God Save the Clientele

(Merge; US: 8 May 2007; UK: Available as import)

Is there a more British name than Alasdair? Well, apart from all those jokey old names like Cecil or Basil or Eugene, that is. As such, it’s pretty much perfect for the Clientele’s lead singer, Alasdair MacLean. The band has crafted a reverb-soaked, backwards-looking pop sound that still manages to sound unique—little period pieces of songs, executed in a flawless analog whisper. If there’s anything modern in these songs, it’s a subtle sense of mystery – the way instrumental fuzz blossoms out of a haunted guitar wail, or the extended coda of a sweet song that makes you question the surface emotion of the whole thing.

The group’s third album, God Save the Clientele, isn’t so much a divergence as an evolution, and a brightening. With the addition of new bandmember Mel Draisey on piano, violin and vocals, and with string arrangements from Louis Phillipe, the band takes on a slightly fuller ‘70s pop sound—without reaching too far. The band’s got guest musicians from Wilco, Lambchop, and Pipas to contribute, too. But from the Clientele, you would never expect some huge statement, and God Save the Clientele doesn’t give that to us, and would never be that obvious.

And yes, it’s clear Lennon and McCartney’s benevolent gaze is all over the album; it comes with the territory. The Clientele doesn’t mind, and neither should we: the consonant major tonicities and orchestral interludes still sing to us with the same sweet voice. The album comes out of the gate strong (and positive) with “Here Comes the Phantom”, a sweet, tweed-jackets-tea-and-scones type track. It’s all lovely and totally pleasant, and even reserved, as if the swung rhythms are straining to be straight, to be classical even. And maybe this is a reason why the band has been relatively passed over back home, this complete Britishness. But because it’s never forced or put-on, it’s winsome and never tiresome.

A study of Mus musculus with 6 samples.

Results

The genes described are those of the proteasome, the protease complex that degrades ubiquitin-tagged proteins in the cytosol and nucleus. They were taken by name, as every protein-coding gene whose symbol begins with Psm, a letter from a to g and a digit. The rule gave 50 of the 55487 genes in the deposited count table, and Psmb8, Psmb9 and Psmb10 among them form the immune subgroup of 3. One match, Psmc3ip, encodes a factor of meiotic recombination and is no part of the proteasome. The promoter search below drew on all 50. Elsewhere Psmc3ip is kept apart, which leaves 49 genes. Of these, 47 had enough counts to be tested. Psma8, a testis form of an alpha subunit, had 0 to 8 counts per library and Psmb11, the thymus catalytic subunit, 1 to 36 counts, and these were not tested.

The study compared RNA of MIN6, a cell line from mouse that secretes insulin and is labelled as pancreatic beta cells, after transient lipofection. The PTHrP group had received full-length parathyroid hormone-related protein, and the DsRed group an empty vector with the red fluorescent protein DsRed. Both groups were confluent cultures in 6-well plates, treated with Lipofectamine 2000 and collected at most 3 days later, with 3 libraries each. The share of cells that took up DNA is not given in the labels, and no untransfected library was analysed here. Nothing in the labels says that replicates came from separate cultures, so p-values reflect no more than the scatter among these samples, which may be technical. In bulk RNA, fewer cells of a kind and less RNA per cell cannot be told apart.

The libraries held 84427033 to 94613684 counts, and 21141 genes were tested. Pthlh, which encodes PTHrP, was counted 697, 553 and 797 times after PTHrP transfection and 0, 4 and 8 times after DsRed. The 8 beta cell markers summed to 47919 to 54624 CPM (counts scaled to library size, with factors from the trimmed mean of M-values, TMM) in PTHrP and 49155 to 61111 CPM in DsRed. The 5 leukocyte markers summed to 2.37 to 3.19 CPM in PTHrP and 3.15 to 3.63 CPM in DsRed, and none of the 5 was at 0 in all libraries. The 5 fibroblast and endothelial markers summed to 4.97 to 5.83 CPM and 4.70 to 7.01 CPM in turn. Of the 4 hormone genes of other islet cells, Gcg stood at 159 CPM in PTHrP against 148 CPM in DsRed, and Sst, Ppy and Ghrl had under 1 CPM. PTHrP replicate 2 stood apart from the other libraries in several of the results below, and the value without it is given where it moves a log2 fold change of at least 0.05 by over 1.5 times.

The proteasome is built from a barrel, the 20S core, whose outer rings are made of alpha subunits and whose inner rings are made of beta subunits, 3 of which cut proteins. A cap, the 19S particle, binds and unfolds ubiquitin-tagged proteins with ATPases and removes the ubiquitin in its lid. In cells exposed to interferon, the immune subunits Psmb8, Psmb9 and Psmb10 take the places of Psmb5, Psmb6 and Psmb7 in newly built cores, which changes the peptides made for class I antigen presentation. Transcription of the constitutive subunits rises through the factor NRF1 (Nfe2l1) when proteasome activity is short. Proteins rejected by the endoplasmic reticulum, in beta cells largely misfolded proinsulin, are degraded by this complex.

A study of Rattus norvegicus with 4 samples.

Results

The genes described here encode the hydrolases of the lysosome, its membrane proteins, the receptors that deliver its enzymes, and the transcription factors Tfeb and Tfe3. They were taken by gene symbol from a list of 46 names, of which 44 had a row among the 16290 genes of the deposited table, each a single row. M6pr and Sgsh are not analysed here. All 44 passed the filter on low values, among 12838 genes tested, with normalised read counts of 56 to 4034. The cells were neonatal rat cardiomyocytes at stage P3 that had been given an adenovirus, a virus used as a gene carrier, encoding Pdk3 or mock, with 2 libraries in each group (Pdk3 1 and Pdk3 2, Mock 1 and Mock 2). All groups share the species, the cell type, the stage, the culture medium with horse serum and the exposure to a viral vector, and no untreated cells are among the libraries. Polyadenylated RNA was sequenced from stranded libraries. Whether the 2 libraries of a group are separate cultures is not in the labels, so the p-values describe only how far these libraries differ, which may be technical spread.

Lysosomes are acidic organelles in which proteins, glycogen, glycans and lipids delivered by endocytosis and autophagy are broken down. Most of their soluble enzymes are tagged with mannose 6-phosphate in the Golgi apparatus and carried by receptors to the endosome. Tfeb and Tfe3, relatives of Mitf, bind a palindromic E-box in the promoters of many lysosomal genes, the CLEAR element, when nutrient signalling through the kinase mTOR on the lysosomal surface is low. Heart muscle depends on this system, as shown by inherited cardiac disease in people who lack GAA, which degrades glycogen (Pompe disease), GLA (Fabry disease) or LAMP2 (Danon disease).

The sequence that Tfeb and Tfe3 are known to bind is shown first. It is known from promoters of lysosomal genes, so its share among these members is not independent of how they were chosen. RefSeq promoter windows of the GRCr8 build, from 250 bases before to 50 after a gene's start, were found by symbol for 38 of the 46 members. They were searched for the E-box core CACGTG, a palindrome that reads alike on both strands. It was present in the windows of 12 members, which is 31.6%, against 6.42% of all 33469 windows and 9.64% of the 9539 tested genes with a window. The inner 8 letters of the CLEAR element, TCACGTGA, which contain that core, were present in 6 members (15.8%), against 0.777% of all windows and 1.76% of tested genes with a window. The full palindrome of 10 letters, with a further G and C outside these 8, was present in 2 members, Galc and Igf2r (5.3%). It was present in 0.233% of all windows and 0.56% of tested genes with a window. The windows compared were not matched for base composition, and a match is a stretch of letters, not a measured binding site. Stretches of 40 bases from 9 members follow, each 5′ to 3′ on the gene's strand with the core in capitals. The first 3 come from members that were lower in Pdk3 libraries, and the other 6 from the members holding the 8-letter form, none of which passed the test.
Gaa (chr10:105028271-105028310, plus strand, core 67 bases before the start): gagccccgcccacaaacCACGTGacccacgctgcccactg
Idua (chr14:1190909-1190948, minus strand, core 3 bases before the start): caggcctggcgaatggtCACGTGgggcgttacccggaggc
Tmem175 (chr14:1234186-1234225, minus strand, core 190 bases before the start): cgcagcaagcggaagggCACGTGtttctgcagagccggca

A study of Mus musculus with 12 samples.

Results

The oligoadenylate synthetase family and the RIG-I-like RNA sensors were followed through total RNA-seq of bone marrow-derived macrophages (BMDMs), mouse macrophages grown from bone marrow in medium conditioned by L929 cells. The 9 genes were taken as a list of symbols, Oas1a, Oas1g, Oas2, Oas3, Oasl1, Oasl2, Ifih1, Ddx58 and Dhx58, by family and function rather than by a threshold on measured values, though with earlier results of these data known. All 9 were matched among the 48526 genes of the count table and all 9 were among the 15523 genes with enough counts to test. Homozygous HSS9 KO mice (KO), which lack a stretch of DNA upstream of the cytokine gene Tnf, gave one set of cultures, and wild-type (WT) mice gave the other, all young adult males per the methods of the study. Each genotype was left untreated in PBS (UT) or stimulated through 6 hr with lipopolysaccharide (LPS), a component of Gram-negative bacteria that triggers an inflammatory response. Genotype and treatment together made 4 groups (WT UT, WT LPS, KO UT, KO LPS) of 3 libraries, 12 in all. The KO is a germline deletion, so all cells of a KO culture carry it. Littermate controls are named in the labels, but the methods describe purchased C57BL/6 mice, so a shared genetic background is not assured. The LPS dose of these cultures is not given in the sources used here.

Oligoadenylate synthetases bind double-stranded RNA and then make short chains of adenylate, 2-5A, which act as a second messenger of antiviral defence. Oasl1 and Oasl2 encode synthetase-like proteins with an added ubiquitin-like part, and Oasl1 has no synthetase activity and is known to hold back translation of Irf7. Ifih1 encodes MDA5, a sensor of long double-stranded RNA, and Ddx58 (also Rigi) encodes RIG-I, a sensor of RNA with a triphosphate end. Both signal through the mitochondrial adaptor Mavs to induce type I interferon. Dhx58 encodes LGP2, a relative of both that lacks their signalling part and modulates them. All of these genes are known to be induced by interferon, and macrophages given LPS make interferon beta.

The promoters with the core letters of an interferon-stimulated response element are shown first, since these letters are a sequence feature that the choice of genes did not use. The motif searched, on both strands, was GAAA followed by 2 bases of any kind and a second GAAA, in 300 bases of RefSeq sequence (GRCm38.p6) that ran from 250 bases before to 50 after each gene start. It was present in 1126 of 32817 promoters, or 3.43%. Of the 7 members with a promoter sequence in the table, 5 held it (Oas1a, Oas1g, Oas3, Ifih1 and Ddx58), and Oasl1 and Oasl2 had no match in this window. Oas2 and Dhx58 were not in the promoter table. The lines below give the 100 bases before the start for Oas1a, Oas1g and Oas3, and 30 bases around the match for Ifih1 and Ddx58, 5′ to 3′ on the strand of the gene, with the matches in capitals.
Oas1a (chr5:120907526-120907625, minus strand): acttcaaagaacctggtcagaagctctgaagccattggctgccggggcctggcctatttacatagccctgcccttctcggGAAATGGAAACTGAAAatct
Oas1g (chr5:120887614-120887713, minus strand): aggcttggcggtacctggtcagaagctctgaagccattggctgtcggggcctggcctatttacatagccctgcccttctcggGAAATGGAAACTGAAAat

So these tunes smack of familiarity, or take unexpected turns that still seem somehow expected. “Bookshop Cassanova” is one of the most upbeat cuts, and one that’s made its way around the internet a bit. But it’s not really indicative of the rest of the album, with its more prominent string arrangement and guitars with even a hint of bite. More characteristic is “Isn’t Life Strange”: sweet and melancholy resonance. You’ll bet you’ve heard the song before, some forgotten summer melody from childhood. “From Brighton Beach to Santa Monica”‘s the same ... it triggers some deep memory, but somehow at the same time is characteristically Clientele.

The disc isn’t perfect. The middle section sags, with a series of songs that blend together—same vocal range, similar tonalities and instrumental arrangements—and you wish for the band to fully let itself give in to the music, if the members really are so joyful. And one other strange thing is that a number of songs (towards the album’s end—and in fact the last song, too) end with “good night”. The sleepy salutation seems a bit premature ... a repetition without obvious purpose.

But in the end, we still like the Clientele; rather, we find it impossible not to like them. Because even when the songs run together, the blur’s pleasant and comforting. And because MacLean, despite his mellifluous voice, meditates on subjects we can relate to (worrying about a date with a girl, marveling at the quickness of time) in a way that comforts rather than alienates. The Clientele are carving out a comfortable niche. And if God Save the Clientele is no great revelation, it’s no disservice either. I’d guess the band will continue to draw in fans for some years to come.


Dan Raper has been writing about music for PopMatters since 2005. Prior to that he did the same thing for his college newspaper and for his school newspaper before that. Of course he also writes fiction, though his only published work is entitled "Gamma-secretase exists on the plasma membrane as an intact complex that accepts substrates and effects intramembrane cleavage". He is currently studying medicine at the University of Sydney, Australia.